It has been a tough year in Bordeaux, and on the back of negative press surrounding the lacklustre en primeur campaign for the 2013s, much sympathy has been felt for growers this year. As July brought unseasonably cold conditions, and August brought extensive rain, it seemed like nothing could salvage 2014.
The Indian summer that saved Bordeaux
But a bright, sunny September has done just that, and far from being a salvage operation, it is starting to look like 2014 could be rather a good vintage. As the Merlot grapes are being picked, it has become apparent that they are in impeccable condition. Very little sorting has been required indicating exceptional quality, and this is a good sign for the Cabernet grapes that will remain on the vines a little longer before they are picked. In 2013, the inconsistency in quality of the grapes required an immense effort to sort them in order to achieve the precision required at this crucial point in the harvest. Chateau Mouton-Rothschild reportedly required almost 700 pickers in one day. Additionally, the quantity of grapes in 2014 is large – which is great news for growers since 2013’s harvest was relatively small. Another small harvest could have caused substantial problems in supplying the market.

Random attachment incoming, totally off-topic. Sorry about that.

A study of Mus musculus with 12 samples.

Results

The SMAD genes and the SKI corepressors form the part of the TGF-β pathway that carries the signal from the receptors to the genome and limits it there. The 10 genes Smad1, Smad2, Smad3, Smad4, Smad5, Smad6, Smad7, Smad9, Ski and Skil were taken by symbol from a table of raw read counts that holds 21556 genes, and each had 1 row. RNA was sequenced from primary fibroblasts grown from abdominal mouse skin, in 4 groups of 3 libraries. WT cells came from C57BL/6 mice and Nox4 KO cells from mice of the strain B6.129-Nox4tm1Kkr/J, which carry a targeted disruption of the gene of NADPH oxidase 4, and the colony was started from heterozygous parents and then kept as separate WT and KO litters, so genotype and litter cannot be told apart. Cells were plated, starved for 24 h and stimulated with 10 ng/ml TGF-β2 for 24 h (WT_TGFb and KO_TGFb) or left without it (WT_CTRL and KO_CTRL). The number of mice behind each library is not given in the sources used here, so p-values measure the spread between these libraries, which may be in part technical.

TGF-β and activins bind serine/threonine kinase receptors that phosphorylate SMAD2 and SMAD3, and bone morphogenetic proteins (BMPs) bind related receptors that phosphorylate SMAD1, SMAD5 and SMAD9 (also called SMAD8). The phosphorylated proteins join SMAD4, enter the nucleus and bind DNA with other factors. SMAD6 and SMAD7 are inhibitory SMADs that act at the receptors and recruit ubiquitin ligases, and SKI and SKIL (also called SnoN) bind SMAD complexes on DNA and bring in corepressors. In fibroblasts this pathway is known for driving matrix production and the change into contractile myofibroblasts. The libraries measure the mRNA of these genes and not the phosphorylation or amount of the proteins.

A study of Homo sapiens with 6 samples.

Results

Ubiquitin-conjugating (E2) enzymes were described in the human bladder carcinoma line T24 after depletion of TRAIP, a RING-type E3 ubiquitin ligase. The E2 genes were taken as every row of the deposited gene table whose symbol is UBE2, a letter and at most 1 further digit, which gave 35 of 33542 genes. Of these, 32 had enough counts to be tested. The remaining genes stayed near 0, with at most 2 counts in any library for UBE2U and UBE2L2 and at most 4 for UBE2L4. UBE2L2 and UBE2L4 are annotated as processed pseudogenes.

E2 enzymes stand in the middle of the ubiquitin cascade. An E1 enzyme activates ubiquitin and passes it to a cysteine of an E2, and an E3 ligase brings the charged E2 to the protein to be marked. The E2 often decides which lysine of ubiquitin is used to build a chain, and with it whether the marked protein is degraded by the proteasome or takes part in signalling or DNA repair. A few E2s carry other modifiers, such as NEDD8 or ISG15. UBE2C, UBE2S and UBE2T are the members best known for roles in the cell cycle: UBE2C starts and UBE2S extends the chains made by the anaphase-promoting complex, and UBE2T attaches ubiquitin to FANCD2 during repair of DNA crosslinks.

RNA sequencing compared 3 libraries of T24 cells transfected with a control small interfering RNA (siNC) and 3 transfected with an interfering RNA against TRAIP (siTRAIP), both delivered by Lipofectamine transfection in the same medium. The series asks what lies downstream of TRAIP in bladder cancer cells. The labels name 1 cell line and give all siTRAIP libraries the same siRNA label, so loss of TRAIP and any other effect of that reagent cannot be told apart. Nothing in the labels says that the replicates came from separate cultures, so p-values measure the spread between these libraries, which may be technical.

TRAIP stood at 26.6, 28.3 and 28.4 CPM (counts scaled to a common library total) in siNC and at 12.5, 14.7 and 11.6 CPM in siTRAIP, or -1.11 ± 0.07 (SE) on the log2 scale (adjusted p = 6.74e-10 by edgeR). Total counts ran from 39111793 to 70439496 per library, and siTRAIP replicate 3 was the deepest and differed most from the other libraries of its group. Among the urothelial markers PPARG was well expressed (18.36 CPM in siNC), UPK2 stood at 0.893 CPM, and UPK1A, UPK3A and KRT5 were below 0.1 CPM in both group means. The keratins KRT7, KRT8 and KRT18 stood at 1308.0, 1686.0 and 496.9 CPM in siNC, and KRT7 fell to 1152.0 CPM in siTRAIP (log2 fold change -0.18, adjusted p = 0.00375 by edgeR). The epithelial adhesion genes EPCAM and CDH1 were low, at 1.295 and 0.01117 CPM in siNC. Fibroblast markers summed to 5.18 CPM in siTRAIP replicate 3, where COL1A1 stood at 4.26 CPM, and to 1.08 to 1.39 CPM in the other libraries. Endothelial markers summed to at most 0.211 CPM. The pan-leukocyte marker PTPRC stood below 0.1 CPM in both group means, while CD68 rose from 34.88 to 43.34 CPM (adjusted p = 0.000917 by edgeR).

Merlot… and then Cabernet
As late as mid-September, the red grapes were still being left on the vines while growers everywhere crossed their fingers that the weather wouldn’t change in order for the grapes to reach the correct level of acidity. It’s a risk of course, and if the weather changes, it could be the case that the Merlot-based wines fare better than the Cabernet-based wines, which has happened in previous years.
The rest of France
Across other parts of France a similar pattern is emerging with Champagne, the Loire Valley and Alsace set to produce more wine than last year in the North, and Beaujolais, Burgundy and Rhone also up on last year’s production. However there is some inconsistency across Burgundy’s appellations due to problematic hail storms during the season affecting some vineyards, and similarly in Languedoc-Roussillon whose production is likely to be less than last year.
There is plenty more finger-crossing to be done before 2014 can be declared a success – but it is a tribute to the exceptional skill of Bordeaux’s winemakers that it now seems very likely that some classic wines will come from this harvest when early signs suggested that it was set to be a disaster. We say, watch this space!